Clean water and sustainable energy in Ghana, mother with baby

Clean water, sanitary facilities and good hygiene can all help Ghana's economy grow further. Thanks to a partnership between businesses and government bodies, more and more Ghanaians have access to water facilities.

Ghana has a population of over 29 million. The economy is growing rapidly, providing many opportunities for entrepreneurs. The Dutch government supports organisations with a clear business vision that contribute directly to improving access to clean water, hygiene and sanitary facilities and waste treatment. The video shows 3 businesses that are stimulating economic growth while striving for making a sustainable impact. As such the video also straightforwardly addresses the challenges in Ghana to reach the latter.


Safe Water Network uses a sustainable water supply network to provide Ghanaians with clean drinking water. They can draw water at designated water points by presenting a card. The main challenge for the Safe Water Network is to have an enabling environment for decentralised water supply. Water authorities have an important role for setting water tariffs reflecting real costs of good quality drinking water. For this local communities must be mobilised through education.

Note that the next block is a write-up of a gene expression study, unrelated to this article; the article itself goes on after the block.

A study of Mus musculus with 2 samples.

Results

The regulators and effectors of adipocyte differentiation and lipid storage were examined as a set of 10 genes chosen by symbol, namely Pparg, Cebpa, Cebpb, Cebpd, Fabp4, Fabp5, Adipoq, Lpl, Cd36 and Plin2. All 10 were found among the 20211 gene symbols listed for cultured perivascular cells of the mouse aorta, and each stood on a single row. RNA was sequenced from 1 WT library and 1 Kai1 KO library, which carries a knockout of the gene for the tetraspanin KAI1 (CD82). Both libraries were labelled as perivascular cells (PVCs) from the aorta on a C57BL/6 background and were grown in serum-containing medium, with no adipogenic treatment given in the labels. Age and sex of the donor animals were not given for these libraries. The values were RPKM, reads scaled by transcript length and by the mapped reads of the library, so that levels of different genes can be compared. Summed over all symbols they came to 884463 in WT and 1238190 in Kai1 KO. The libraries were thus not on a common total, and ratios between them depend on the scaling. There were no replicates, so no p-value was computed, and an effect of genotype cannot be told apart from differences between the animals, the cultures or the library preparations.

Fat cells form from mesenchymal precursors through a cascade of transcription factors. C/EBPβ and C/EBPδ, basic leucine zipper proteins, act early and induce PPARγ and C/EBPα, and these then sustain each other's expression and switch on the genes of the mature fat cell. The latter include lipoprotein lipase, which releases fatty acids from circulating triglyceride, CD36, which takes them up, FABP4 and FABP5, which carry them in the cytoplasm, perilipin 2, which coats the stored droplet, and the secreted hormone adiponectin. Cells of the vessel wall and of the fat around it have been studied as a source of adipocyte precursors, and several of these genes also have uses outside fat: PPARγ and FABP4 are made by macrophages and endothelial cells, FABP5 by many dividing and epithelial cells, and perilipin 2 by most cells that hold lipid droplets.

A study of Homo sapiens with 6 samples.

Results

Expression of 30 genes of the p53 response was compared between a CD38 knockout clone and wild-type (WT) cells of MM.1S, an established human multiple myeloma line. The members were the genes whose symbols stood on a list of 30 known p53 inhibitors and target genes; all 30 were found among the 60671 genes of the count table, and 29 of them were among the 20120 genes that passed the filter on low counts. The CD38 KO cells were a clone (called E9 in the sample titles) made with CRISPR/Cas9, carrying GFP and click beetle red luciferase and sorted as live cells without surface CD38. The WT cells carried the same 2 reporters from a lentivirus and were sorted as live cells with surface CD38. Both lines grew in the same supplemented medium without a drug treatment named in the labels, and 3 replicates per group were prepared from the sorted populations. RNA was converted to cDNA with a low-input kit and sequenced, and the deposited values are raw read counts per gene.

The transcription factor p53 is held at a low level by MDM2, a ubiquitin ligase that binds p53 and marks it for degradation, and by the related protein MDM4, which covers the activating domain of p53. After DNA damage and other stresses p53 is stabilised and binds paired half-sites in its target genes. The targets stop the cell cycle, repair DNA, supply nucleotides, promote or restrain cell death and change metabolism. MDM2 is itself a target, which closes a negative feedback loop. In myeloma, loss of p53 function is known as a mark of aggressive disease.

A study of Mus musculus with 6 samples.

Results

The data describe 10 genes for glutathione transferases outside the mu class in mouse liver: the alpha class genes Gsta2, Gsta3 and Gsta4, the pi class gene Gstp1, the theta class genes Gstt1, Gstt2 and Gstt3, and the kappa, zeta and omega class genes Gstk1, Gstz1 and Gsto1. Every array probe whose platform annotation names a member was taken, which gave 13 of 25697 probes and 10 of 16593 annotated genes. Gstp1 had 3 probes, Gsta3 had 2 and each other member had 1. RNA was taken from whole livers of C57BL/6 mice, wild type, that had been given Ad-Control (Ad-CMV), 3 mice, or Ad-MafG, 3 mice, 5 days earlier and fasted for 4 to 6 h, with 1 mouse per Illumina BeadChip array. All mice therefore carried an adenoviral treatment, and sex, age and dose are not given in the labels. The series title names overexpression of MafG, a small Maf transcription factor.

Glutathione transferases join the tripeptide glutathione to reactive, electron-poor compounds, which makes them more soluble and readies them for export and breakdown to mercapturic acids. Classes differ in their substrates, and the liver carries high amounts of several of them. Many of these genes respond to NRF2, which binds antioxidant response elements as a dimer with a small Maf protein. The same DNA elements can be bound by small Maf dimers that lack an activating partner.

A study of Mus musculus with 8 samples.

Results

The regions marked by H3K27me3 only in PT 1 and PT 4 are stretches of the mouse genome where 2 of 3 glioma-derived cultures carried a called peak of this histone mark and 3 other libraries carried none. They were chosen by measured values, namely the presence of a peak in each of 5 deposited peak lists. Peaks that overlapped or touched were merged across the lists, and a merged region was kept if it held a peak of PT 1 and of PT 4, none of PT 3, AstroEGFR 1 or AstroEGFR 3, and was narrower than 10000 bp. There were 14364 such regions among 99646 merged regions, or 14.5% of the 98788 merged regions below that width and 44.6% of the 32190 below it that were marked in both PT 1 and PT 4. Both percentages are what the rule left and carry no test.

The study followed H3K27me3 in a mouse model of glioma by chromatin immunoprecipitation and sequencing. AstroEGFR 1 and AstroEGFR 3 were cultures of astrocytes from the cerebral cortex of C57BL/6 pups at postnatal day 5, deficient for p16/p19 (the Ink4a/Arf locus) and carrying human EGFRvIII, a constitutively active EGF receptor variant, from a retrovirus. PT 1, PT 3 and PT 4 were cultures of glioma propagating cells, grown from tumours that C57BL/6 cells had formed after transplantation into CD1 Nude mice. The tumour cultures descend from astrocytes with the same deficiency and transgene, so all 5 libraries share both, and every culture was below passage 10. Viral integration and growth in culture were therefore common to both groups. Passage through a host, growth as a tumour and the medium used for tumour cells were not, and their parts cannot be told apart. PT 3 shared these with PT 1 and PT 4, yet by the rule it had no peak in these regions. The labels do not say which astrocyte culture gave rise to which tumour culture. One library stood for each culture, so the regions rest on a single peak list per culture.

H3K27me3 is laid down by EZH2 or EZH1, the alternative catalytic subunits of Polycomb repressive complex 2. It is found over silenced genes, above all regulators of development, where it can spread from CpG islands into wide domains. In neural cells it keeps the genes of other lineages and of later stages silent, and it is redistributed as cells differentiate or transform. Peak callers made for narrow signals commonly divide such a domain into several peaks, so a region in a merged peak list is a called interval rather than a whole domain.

Sustainable energy

Safi Sana is a Dutch business that builds systems for generating energy from biological waste. By collecting vegetable and animal waste from the market, slaughterhouses, businesses and households, Safi Sana is able to offer valuable energy products back to the community. Organising sufficient supply of waste is a major challenge.

100,000 homes for Ghana

Many homes in Ghana have few facilities. Toilets are not a standard feature. Two businesses, Micheletti and Triarii, have joined forces and are planning to construct 100,000 homes with biodigester toilets. By doing so on a large scale and with the proper construction methods, they are able to lower the price, enabling the entire Ghanaian population to live in a home with a toilet.

Would you like to know more?

Would you also like to do business in a developing country in a public-private partnership? The Ghana WASH Window scheme is now closed. Have a look at our other subsidies and programmes.